Characterization of Soot Microstructure for Diesel and Biodiesel Using Diesel Particulate Filter
Diesel fuel exhaust, produced in an internal combustion engine, also contains particulate matter. Its composition differs based on the type of fuel, its consumption rate, and the mode of engine operation. International Agency for Research on Cancer (IARC) has classified diesel exhaust as a carcinogenic, inhaling which can cause lung cancer. A standard wall-flow filtration device like diesel particulate filter (DPF) is used to remove particulate matter or soot from diesel exhaust. With BS-VI emission norms, the emission standards have become stricter and thus an attempt is made to compare the microstructure and amount of soot produced by diesel and a biodiesel blend. The use of biodiesel is increasing continuously since it has lower net CO2 emission, and the EU demands the use of renewable sources in the transport sector. It has been found, by weighing the respective DPFs, that engine running with biodiesel blends is producing less soot. Size of soot particles affects its reactivity during filter regeneration. Soot trapped is analyzed under a scanning electron microscope (SEM) to observe its structure and density. EDX analysis revealed the presence of zinc in low concentration in biodiesel soot. This also indicates uniform blending of biodiesel.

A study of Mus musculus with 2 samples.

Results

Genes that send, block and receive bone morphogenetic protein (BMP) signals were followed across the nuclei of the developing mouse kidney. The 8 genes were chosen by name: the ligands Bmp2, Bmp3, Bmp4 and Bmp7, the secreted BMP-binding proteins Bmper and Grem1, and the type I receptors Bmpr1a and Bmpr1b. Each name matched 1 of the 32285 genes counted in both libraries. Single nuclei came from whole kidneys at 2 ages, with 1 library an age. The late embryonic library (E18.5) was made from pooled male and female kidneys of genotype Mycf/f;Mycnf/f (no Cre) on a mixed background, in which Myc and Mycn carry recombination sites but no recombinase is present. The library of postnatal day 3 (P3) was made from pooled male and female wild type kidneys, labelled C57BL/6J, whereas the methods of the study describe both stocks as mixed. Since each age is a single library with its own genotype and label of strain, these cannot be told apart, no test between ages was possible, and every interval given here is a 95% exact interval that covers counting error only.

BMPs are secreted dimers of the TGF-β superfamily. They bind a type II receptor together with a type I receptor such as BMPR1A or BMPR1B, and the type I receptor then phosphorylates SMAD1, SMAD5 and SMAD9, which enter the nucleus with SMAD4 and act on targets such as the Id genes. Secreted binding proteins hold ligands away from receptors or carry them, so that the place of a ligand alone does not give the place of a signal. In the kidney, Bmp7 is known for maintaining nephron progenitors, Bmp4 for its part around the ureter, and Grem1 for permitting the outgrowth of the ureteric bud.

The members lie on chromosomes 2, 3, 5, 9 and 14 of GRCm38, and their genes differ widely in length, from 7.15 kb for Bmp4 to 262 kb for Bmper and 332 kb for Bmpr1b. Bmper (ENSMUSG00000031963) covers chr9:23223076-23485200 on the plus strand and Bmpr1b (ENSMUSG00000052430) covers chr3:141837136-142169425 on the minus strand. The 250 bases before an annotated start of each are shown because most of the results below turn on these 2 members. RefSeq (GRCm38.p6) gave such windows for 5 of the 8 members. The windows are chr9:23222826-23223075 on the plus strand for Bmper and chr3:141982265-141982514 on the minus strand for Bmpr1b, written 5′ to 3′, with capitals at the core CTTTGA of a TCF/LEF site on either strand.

KeywordsSoot microstructure DPF Biodiesel SEM EDX
We would like to thank Automotive Research Association of India (ARAI) and Vellore Institute of Technology (VIT) for giving us the opportunity to take up this project. To Mr. Aatmesh Jain and Dr. K. C. Vora, we wish to express our gratitude for guiding and helping us when we needed. We want to acknowledge the staff at the SEM analysis laboratory who found time in their busy schedule to help us complete our project. Finally, we want to mention the staff at engine laboratory who were patient enough to teach us how to operate the engine safely and helped us when we needed, thank you.